It’s ‘all change’ round here, as a station guard might have said back in the mid-19th century when this was our railway station.
The redevelopment of this building – more recently known as ‘West Offices’ – is underway, to form a new headquarters building for City of York Council.
The site is easily viewed from Toft Green/Tanner Row on one side and from the bar walls on the other. I had a wander alongside it via the gates near the war memorial, where small windows in the wooden hoardings offer more close-up views. The windows are of plastic, and this being a building site they’re not suprisingly somewhat dusty, so these views are rather blurry. But I liked the way the windows offered a ready-made frame for views of the site, and of the former railway offices across the road.
The building known as West Offices was originally our railway station, before the current station outside the walls replaced it. The windows in the hoardings gave views of some of the architectural details from the original building. As it was used as railway offices for decades, various modern additions had presumably obscured some of these Victorian details.
The platforms and rail lines used to occupy the space now occupied by a massive steel structure, part of the new additions being built around and alongside the Victorian buildings.
I’ve taken photos a few times when passing. These wider views of the site, showing the development over the last six months, can be enlarged if you click on them.
Left – seen from the bar walls, in early March, when various bits of more modern structure were apparently being demolished.
Below left – about a month ago, late July, seen from the other side on Toft Green.
Below right – roughly the same view, in late August, with concrete foundations in place (for an adjoining hotel, I think).
Another view of the site, from the city walls, in March 2011. At one time steam trains would have stopped in front of those windows. Hargrove’s guide of 1844 has an evocative description of the station, just a few years after it opened:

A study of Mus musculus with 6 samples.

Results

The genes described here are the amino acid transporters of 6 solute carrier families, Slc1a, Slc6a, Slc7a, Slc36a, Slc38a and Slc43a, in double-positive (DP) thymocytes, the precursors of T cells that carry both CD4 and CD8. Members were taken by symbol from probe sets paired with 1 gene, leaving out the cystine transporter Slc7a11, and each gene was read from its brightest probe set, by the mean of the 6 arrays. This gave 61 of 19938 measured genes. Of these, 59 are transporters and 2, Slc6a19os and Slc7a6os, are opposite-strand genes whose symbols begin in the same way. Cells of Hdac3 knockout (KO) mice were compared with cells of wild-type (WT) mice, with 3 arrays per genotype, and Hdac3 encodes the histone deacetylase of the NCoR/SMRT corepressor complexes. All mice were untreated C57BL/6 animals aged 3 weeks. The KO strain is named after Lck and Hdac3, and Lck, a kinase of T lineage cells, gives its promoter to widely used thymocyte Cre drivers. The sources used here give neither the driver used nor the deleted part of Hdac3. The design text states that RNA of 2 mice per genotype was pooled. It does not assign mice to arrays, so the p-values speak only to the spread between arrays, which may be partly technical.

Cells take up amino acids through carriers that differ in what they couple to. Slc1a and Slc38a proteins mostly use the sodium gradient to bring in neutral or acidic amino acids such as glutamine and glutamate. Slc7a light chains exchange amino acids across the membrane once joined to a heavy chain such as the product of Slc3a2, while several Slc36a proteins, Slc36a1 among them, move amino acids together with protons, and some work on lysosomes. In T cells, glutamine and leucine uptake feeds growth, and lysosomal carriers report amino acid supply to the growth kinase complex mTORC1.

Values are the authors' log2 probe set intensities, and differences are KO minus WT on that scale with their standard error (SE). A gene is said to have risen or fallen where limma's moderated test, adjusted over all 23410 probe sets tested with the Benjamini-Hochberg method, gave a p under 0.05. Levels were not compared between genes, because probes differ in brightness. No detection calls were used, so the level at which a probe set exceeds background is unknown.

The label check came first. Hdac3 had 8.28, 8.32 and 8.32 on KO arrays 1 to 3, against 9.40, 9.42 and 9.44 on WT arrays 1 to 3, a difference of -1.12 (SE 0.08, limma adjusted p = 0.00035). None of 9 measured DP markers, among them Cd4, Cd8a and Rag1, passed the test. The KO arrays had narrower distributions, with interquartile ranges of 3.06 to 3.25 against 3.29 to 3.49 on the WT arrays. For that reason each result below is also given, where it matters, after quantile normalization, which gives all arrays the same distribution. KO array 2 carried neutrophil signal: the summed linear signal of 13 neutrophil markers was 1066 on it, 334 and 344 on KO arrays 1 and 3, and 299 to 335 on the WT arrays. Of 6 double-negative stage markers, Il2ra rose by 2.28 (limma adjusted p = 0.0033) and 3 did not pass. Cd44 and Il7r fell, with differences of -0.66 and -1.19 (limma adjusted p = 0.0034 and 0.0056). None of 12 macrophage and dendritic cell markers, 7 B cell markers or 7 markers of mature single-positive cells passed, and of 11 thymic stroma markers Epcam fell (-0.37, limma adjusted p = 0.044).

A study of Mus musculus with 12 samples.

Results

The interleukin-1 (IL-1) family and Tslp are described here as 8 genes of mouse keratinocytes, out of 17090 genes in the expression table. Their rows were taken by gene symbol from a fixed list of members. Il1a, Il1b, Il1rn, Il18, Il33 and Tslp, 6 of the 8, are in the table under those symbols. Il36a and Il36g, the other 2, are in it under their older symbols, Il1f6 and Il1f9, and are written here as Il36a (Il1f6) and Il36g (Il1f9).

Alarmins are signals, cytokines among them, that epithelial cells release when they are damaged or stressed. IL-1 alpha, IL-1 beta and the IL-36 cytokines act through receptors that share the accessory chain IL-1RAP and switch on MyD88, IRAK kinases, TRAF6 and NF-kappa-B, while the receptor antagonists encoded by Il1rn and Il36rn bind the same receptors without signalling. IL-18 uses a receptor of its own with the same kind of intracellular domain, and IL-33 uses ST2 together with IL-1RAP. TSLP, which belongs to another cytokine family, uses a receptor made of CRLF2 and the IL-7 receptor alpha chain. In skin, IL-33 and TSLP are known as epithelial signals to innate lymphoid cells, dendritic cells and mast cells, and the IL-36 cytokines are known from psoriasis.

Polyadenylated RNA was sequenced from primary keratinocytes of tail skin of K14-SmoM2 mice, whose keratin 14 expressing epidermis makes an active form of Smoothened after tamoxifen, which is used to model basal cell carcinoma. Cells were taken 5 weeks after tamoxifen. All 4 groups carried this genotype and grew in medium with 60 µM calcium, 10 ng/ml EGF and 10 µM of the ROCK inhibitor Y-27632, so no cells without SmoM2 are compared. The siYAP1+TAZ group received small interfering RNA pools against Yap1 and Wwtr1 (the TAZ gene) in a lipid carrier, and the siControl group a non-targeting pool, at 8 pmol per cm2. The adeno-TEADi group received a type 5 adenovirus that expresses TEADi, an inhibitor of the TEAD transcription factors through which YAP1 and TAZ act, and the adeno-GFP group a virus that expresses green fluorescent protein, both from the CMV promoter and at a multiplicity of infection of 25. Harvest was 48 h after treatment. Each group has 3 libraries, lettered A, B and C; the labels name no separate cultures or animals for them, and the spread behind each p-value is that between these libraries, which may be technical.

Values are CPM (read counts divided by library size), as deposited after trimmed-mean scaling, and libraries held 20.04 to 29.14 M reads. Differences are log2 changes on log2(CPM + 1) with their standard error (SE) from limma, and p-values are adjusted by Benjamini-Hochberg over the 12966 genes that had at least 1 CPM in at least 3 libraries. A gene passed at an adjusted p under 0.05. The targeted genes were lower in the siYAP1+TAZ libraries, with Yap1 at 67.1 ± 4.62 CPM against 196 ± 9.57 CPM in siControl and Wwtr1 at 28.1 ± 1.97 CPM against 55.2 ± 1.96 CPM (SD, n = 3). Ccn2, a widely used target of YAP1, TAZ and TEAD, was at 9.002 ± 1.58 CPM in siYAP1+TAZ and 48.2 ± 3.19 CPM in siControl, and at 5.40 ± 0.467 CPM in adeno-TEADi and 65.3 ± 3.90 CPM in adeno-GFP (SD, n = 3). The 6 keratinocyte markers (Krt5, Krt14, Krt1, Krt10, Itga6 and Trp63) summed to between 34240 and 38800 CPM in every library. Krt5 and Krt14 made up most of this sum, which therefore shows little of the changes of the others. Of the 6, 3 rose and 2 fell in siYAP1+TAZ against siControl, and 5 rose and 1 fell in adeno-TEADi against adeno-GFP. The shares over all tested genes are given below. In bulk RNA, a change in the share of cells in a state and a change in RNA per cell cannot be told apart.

‘The principal part of the station consists of an edifice fronting Tanner Row. In this building there are spacious booking-offices, waiting-rooms for passengers, rooms for the secretaries and directors, and other requisite and commodious offices. On the opposite side of the station there are excellent refreshment rooms for passengers, the kitchens, larders, cellars, &c. being on the basement. The intervening space between the booking-offices and the refreshment rooms is covered with an iron roof, which is supported by cast iron pillars, and has an extremely light and pleasing appearance. The departure stage, at the Tanner Row side, is 400 feet in length, and 18 feet in breadth; and the arrival stage, at the opposite side, is of similar dimensions, affording every convenience for the arrival and departure of passengers, as well as for the attendance of their friends. The situation of the station is peculiarly interesting, being nearly surrounded by the city walls, from which persons walking upon them can see the trains approach the city, from a considerable distance, and afterwards pass through the walls and set down their passengers.’
The 1844 Hargrove guide also said: ‘It is an extensive and splendid structure, and is not excelled by any station in the kingdom for convenient arrangement, and suitable adaptation to all the requisite purposes.’ Let’s hope we can bestow similar praise on it once it’s remodelled as the City Council headquarters.
There’s been an archaeological dig on the site – uncovering Roman remains. There are some really nice photos of the finds on Flickr.com.
There’s been a lot of digging here – and not always related to archaeology or building work. Gardens and a plant nursery once occupied this site. But that’s a story for another time.
Links, related pages etc
There’s a detailed plan of the layout of the old railway station on the 1852 plan of York – available online at https://yorkmaps.net/1852/
The station building which replaced it is of course still in use, and I’ve recently included an appreciation of the railway station, having wandered into it via one of the new cycle/pedestrian routes.
A brief page on the current council offices recognises that the building on St Leonard’s Place isn’t really appropriate for a 21st century city council.
Also on this site are pages compiled some years back (2004) with more photos and information on the railway buildings in the area – the railway offices and the station. See: Railway City and Station Rise. In some respects a little out of date, but may be of interest.
Update – since added, more on the history of this site, in York’s early nurserymen.
There are several later pages, under the tag ‘West Offices‘, added since this page was compiled.
. . . . .
Page compiled August 2011. Updated: 8 Feb 2013 and (updated links) 23 Nov 2018.